David Warwick Hopkins who burnt girlfriend alive, jailed for life (30yrs min)


A REMORSELESS and sadistic killer who publicly torched his partner has been jailed for life for a crime described by a Supreme Court judge as “beyond human comprehension”.

Firefighters hose down the car at the Safeway Caltex service station.

Firefighters hose down the car at the Safeway Caltex service station.

David Warwick Hopkins, 42, must spend at least 30 years in jail for the murder of his partner, Nicole Joy Millar, last June at a Bayswater petrol station, which was prolonged by him refusing to let anyone help her as she screamed and burnt.

Hopkins had a history of violence against Ms Millar, including death threats, the Supreme Court heard yesterday.

On the day of the murder, Hopkins began refuelling Ms Millar’s car but shortly after brought the petrol nozzle inside the car and sprayed her with fuel. He stabbed her in the neck and then used a cigarette lighter to ignite her.

Ms Millar, 42, escaped the car but for more than three minutes, Hopkins aggressively paced around her, refusing to let witnesses help her, and shouting “burn bitch, burn”, “I hope you die”, “burn, let her burn” and “hurry up and burn”.

David Hopkins is cornered by police at a Bayswater church after he set fire to Nicole Millar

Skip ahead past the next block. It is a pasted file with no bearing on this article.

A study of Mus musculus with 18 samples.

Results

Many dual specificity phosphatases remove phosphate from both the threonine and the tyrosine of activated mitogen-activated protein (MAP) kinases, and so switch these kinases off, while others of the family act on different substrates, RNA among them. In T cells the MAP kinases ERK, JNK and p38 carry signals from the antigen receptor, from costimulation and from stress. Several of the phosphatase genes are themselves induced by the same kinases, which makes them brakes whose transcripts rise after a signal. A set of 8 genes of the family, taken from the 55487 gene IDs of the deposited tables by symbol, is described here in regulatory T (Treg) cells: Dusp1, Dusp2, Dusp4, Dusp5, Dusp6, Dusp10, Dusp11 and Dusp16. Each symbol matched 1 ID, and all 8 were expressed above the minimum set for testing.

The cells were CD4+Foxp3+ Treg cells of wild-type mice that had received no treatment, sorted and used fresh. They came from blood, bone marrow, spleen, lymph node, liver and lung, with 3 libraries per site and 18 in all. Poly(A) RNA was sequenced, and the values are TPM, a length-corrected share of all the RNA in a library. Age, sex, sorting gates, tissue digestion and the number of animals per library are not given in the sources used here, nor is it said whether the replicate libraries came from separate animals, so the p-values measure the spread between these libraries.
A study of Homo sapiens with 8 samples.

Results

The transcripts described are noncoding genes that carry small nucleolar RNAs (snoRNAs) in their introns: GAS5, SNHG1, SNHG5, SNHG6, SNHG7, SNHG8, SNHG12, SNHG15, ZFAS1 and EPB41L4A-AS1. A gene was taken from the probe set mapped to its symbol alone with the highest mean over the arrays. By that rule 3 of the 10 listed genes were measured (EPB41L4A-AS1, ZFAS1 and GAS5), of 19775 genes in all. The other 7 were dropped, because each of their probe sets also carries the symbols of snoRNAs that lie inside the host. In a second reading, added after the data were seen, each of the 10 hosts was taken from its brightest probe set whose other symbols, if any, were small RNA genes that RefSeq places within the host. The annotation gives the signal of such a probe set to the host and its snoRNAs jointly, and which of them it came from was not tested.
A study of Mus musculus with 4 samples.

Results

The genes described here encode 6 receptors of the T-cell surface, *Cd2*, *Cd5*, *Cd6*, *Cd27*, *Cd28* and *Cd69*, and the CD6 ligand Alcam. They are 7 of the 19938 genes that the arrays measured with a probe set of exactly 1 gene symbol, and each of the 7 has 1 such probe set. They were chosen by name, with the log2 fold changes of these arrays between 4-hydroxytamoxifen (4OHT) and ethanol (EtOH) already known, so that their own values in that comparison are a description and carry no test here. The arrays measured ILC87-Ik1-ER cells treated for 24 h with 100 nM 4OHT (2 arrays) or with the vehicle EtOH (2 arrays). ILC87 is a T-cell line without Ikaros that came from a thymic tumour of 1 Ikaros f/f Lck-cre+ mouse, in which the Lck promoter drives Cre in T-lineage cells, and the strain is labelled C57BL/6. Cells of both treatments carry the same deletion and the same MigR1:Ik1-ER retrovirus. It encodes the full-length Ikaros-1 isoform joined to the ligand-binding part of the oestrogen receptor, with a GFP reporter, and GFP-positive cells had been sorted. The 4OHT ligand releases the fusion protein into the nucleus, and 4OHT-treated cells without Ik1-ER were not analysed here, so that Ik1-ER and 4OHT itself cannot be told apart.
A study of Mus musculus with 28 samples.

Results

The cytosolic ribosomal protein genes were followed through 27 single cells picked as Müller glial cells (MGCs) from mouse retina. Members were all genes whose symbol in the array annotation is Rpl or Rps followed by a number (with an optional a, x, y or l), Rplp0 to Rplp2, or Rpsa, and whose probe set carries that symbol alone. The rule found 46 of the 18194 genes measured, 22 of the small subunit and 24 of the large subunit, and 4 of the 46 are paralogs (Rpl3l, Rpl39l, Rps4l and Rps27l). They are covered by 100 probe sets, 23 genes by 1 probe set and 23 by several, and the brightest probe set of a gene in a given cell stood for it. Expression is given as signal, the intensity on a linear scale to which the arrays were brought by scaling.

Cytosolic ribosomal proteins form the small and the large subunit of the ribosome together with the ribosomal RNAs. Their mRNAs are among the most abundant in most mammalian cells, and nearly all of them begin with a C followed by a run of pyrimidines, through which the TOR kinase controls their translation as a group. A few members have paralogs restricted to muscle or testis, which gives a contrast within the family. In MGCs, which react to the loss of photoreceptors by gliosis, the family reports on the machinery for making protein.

David Hopkins is cornered by police at a Bayswater church after he set fire to Nicole Millar

In sentencing yesterday, Justice Betty King described the killing as “unspeakable”, adding that “the behaviour is the example of the worst kind of viciousness and sadistic behaviour this court is ever likely to see”.

“What you did to this woman on this day was unspeakable,” she said.

Ms Millar died nine hours after being taken to The Alfred hospital. Before being placed in an induced sleep, she pleaded with her anaesthetist: “Please don’t let me die.”

Justice King said she rejected Hopkins’s claim that he was in a drug-induced psychosis at the time, but found that his recent drug use had prompted his anger to erupt into rage on the day.

Hopkins had an extensive drug history which included consumption of cannabis, amphetamines, ice, speed, heroin, ecstasy and anabolic steroids.

Justice King explained that one of the reasons for imposing a minimum term was Hopkins’s guilty plea, but although it was not demonstrative of remorse, it was of real community benefit because witnesses were not required to testify at a trial and a jury had not been forced to view CCTV footage of the murder.